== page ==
It’s been almost a week since I have written or read anything. I can’t think right now. Yes, I am working a new job, ten hours a day and obviously have to “think” during those hours but the truth is, I am on auto-pilot while there. Everything looks fine on the outside, but on the inside, I am numb, silent, frozen.
Thirty-three years ago, I was barely twenty years old, married for two years and pregnant with our first child. Two months before Matthew was born, Bob and I moved four hours north of our family, to a very small beach town where my mother was born and raised. All my maternal family was still there so it was really like going home for me. One we settled in, I realized that although I had tons of aunts, uncles and cousins, I had left all my friends when I moved. I began to wonder how I would ever meet people my age in such a small town when I could barely walk with my huge baby belly. I didn’t have to wonder for long.
Just days after moving into one of my cousins rent houses, a darling wood cottage painted red with a killer view of the ocean, there was a knock on the front door. I waddled my way over to answer the rapping and was pleasantly surprised by the blonde woman on the other side. Elsa was just a few years older than I was and lived across the street. She came over to introduce herself and to bring homemade treats. We spent about an hour talking and then walked across the road to her home where she fed me lunch and fed my soul with friendship. I will never forget her for that.
The next day my cousin dropped me off at home after taking me to my doctors appointment. As I walked up to the door, there was a jar of homemade blackberry jam sitting on the front doorstep. I picked it up and went into the house smiling, assuming it was from Elsa. It wasn’t but an hour later that Lori knocked on my door. She introduced herself as a friend of Elsa’s and asked if I had found the jam she had left. I quickly invited her. She had her two year old boy with her and we spent a wonderful afternoon visiting and getting to know one another. Meeting Lori that day changed my life forever.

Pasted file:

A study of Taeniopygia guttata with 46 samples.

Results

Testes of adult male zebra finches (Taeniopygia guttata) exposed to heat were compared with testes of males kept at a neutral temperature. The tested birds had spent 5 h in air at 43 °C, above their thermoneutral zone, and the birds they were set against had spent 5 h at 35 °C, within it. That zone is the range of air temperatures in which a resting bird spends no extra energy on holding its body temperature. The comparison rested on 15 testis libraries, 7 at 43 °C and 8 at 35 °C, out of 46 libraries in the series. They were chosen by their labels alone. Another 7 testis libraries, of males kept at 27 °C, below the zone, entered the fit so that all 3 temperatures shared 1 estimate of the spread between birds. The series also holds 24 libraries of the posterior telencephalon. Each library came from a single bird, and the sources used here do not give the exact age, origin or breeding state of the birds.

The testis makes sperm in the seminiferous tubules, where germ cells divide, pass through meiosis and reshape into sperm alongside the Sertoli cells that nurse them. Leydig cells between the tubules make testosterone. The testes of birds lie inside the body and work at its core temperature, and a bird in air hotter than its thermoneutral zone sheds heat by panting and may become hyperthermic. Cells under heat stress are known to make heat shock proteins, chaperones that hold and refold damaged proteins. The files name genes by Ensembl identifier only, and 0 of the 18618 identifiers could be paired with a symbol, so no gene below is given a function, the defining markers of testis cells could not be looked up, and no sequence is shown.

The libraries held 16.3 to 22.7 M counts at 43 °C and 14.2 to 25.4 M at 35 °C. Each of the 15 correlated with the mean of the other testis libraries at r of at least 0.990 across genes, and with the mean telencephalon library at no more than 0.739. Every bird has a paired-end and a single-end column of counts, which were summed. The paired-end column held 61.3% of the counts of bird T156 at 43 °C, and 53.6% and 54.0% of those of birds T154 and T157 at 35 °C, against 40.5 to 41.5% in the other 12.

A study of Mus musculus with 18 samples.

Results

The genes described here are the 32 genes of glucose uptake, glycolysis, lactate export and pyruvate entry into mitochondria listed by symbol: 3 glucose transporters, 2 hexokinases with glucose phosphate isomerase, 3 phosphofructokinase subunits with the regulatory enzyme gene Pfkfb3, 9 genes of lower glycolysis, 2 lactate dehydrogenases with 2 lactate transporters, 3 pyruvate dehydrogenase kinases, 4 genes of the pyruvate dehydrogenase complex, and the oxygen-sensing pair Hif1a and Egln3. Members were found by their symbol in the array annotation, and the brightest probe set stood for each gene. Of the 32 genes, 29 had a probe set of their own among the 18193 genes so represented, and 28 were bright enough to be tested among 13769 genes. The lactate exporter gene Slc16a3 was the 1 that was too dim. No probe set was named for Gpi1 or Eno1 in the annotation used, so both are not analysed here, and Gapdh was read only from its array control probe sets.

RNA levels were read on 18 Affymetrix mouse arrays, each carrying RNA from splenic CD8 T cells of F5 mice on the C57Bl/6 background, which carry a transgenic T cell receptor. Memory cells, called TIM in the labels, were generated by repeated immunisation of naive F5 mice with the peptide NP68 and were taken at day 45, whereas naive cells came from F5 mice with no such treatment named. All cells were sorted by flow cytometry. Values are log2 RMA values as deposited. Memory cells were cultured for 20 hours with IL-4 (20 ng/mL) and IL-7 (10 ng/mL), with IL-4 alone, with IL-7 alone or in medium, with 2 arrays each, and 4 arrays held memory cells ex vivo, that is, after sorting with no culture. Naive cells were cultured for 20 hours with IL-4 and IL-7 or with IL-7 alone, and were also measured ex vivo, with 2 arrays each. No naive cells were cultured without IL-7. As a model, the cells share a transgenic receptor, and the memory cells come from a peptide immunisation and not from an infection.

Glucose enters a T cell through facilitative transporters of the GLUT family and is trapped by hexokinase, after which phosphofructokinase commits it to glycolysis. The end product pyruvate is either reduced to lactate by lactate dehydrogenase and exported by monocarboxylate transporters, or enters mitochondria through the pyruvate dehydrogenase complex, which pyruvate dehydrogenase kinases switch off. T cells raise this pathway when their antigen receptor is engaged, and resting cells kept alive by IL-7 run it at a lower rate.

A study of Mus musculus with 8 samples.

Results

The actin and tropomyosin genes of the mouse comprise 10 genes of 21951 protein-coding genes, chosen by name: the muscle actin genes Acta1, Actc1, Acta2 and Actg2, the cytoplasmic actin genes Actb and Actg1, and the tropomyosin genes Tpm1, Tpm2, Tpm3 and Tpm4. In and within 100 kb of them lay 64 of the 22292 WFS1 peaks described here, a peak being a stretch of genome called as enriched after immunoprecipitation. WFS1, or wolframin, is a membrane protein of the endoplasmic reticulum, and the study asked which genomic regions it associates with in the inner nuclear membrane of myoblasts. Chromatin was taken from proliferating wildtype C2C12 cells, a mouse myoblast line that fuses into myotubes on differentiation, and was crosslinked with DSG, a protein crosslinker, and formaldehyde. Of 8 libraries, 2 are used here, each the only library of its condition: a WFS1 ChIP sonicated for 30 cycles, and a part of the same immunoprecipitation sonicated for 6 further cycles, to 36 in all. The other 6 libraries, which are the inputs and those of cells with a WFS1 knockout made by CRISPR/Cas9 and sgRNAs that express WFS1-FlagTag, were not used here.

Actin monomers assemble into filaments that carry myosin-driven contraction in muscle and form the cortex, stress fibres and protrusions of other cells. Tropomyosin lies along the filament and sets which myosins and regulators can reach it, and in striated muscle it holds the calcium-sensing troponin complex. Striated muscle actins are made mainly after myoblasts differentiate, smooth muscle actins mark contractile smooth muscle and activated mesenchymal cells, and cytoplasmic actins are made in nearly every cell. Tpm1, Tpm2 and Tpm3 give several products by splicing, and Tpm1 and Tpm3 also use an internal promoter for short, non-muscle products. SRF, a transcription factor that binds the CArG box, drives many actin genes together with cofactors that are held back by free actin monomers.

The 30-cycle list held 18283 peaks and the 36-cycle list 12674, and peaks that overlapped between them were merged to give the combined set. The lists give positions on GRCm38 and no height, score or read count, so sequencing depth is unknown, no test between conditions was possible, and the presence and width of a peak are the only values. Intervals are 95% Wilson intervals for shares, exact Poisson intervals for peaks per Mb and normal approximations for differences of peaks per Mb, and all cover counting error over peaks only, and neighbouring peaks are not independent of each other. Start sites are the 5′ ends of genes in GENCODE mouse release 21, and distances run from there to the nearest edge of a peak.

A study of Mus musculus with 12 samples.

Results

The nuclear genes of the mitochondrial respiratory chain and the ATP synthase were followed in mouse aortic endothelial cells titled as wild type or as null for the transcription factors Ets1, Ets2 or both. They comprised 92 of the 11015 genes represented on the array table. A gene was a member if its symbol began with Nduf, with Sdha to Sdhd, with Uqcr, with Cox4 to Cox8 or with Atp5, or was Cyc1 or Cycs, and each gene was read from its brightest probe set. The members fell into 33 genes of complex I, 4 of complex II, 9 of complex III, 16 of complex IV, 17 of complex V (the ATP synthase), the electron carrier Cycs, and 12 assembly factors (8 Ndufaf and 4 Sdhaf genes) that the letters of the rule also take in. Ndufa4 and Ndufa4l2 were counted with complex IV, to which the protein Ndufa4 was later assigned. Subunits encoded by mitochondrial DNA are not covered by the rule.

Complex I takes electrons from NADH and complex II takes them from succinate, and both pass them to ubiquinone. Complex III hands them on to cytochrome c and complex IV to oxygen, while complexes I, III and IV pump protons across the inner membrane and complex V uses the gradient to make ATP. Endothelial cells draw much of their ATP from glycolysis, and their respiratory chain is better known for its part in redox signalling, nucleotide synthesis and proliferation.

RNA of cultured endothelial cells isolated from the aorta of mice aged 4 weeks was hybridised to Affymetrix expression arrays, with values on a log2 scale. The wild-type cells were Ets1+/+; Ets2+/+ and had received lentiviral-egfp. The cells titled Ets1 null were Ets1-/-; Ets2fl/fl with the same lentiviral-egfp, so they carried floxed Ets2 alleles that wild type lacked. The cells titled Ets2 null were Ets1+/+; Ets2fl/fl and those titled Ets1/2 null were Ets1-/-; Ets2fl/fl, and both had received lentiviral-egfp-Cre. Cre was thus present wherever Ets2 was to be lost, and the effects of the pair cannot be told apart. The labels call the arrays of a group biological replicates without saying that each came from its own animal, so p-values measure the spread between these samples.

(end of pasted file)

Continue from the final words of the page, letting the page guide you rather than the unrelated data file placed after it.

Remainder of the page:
For the last thirty-three years, Mike and Lori have been more than our friends. They are our family. We have been through births and deaths, parties and partings, girls nights and boys weekends, couples vacations and times of pure vacancy. When we moved to Oklahoma sixteen years ago, one of the most difficult things for me was leaving Lori. She is my sister, my kindred spirit, the person most like me in every way imaginable. I love her and her husband Mike, beyond words. When I think of Lori, I think of laughing until we are crying and crying until we are laughing. That last sentence really sums up our relationship perfectly.
This week, Lori sent me an email. I won’t go into it all because it is deeply personal. I will only share this one line:
“…..he only has months to live.”
Of course, I immediately called and spoke to Mike for a minute and then Lori for much longer. I wanted to be encouraging, to laugh with her, to tell her things that would bring her comfort. I couldn’t so instead we cried together. A lot. I am still crying. Bob has had to wake me up from crying in my sleep as I dream of Lori and Mike. I cried all through worship at church last night. I have cried in the bathroom at work and on my way home. When I am crying, I am also pleading with God for an answer, a miracle, for peace and comfort for Mike. I am pleading for the same and more for Lori and their family. I am also asking Him to teach me what it means to be a friend in the face of such incredible pain for the people I love.
Only months, possibly weeks to live. I can’t understand this. My heart won’t allow me to. I want to go home. I want to live in that little red beach cottage and find blackberry jam on my stoop. I want to stay up all night laughing with Lori and the other girls in our group while the guys are off backpacking with all the kids. I want a do-over. I want more time.